The programme for this year’s conference has an impressive breadth. There are sessions which remind us that we need to continue our efforts in tacking TB, AIDS, and the harms associated with drug use. We will be looking at the challenges of transportation and obesity, work to reduce the toll of violence, and the potential of technology to help promote inclusivity. Speakers will be looking at the needs of often neglected groups and individuals, as well as whole population level interventions. I have a particular interest in the presentations that will explore how we can best engage with our communities and harness the power of politics.
Health is not only a central concern for individuals daily but is also an important component of what makes a city, or country, successful. There are various indices that rank the achievements and failings of nations and our major urban centres. However, in the political sphere what are the impacts of the massive variations that exist between those who enjoy the longest, healthiest lives and those who don’t?
An interesting angle on this issue is to be found in a study by Columbia University Irving Medical Centre that looked at voting patterns in the 2016 USA Presidential elections. This reveals a strong correlation between areas which experienced an increase in age-adjusted death rates and voter dissatisfaction. Much of this mortality was fuelled by alcohol and drug use. It also showed that, in general, cities were more successful at presiding over life expectancy gains than rural areas, thus starkly inverting the traditional image of the city as concentration of ill health (and sin) compared to the healthy and virtuous rural idyll. Before we celebrate this triumph of the modern city I suggest we all ponder how sure we are that the same issues don’t exist within our own conurbations and consider the inter relation of cities with their hinterland. Leaving communities behind, urban or rural, serves to guarantee future problems, both health and political.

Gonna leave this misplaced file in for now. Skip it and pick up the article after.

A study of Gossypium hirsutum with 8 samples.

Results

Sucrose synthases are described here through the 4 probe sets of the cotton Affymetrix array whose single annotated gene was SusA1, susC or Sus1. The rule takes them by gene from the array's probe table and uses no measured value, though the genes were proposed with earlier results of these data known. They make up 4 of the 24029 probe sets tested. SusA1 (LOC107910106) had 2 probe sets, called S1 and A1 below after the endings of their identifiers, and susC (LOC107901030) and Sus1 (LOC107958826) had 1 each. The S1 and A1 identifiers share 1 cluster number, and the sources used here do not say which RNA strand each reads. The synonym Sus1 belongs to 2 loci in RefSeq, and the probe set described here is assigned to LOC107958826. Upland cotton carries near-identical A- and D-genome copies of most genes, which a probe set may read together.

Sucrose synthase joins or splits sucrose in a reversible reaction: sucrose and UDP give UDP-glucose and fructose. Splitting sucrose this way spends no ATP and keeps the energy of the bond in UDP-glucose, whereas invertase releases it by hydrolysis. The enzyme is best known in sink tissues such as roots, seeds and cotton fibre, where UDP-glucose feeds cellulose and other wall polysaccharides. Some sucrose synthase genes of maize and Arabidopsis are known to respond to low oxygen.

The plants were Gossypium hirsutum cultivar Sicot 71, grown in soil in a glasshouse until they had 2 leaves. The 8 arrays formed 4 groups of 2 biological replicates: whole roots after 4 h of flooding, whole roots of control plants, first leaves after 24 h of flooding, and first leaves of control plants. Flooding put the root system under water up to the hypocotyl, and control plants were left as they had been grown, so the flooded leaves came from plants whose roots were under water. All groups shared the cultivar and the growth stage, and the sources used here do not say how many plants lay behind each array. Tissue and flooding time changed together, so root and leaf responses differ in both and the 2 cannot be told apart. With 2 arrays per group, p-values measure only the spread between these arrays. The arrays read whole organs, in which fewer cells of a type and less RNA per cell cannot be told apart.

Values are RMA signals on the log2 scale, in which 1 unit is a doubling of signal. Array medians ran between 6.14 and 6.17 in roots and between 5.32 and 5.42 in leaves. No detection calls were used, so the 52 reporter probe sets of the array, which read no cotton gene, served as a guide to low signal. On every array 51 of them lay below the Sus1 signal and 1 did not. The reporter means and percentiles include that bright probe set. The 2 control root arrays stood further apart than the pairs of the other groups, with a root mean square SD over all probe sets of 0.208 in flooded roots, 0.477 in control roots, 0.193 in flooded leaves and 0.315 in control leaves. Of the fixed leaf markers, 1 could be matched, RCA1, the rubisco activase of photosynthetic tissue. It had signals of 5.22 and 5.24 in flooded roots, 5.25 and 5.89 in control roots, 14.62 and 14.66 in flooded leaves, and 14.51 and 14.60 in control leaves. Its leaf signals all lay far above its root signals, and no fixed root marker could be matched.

In trying to address the issue of unequal progress between different communities, the recent interest in another area of health may help point the way. I am sure we have all seen the rapidly growing evidence which identifies the dangers and harm associated with social isolation and loneliness (the analogy that it’s equivalent to smoking 15 cigarettes a day is wonderfully engaging). Cities around the world are starting to look at how they can reduce this problem, including Amsterdam and Belfast (the WHO Global Network of Age-friendly Cities and Communities is worth a look). Individuals benefit from social contact and networking. I would strongly suggest that cities also benefit from such interaction. We can all learn and benefit from others. City Health International provides a great opportunity to do just that.